Watch our historic foodways staff cook this recipe, then try it at home

Pears complement any meal. These are akin to pears in claret of a modern time. Slow cooking to allow the pears to become saturated is the key to their flavor. This is also excellent over ice cream.

18th Century

Pare six large winter pears, and either quarter them or do them whole: they make a pretty dish with one whole, the rest cut in quarters, and the cores taken out; lay them in a deep earthern pot, with a few cloves, a piece of lemon-peel, a gill of red wine, and a quarter of a pound of fine sugar; if the pears are very large, they will take half a pound of sugar, and half a pint of red wine; cover them close with brown paper, and bake them till they are enough. Serve them hot or cold (just as you like them), and they will be very good with water in the place of wine. To Stew Pears in a Sauce pan put them into a sauce-pan with the ingredients as before; cover them and do them over a slow fire; when they are enough take them off, add a pennyworth of cochineal, bruised very fine.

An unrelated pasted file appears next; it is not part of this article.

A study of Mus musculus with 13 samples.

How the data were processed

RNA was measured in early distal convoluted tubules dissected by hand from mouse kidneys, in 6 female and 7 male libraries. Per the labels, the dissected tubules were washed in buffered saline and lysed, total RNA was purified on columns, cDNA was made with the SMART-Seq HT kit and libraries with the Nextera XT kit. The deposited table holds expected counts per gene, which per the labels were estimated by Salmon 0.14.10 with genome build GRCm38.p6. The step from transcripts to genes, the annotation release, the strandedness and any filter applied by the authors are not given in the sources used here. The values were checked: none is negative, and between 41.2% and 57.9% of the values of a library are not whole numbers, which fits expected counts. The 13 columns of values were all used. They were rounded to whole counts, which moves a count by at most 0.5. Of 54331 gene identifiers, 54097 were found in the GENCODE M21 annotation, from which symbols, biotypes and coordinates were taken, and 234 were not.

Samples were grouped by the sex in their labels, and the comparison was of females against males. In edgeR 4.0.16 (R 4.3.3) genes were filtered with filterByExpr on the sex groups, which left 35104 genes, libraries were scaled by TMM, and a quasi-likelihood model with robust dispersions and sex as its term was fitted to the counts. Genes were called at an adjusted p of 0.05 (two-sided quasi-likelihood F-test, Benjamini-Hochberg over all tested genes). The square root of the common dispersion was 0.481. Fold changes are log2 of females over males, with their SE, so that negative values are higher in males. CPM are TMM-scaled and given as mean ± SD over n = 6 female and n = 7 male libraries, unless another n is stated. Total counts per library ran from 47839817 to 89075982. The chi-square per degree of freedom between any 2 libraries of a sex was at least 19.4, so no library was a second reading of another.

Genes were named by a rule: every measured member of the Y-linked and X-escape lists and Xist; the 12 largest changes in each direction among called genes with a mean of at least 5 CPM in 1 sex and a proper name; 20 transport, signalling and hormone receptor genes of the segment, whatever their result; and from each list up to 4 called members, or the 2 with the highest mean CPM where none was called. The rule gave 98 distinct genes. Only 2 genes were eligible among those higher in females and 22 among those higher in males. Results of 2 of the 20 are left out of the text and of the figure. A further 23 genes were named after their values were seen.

— Glasse, Hannah, “The Art of Cookery Made Plain and Easy”

21st Century


  • A minimum of 3 pears
  • 8 cloves
  • Peel of one lemon with no white showing
  • 1 to 2 cups of red wine (enough to cover your pears in the pan)
  • ½ cup or more of sugar


  1. Peel pears. Stand up all pears and choose one to be the centerpiece. If slightly lopsided, it can be trimmed on the bottom to be more vertical.
  2. Quarter and core the remaining pears. If pears are large, cut into eighths.
  3. Put all pears into the smallest saucepan that will hold them. Add cloves, lemon peel, red wine and sugar and bring to a simmer over medium heat and then reduce to a low or warm setting. Every few minutes, move the whole pear around to completely cover it with the wine mixture.
  4. Cook until deep purple. Let set several minutes for wine mixture to totally absorb into the pears.
  5. Arrange on a plate in a sunburst pattern with the whole one in the center.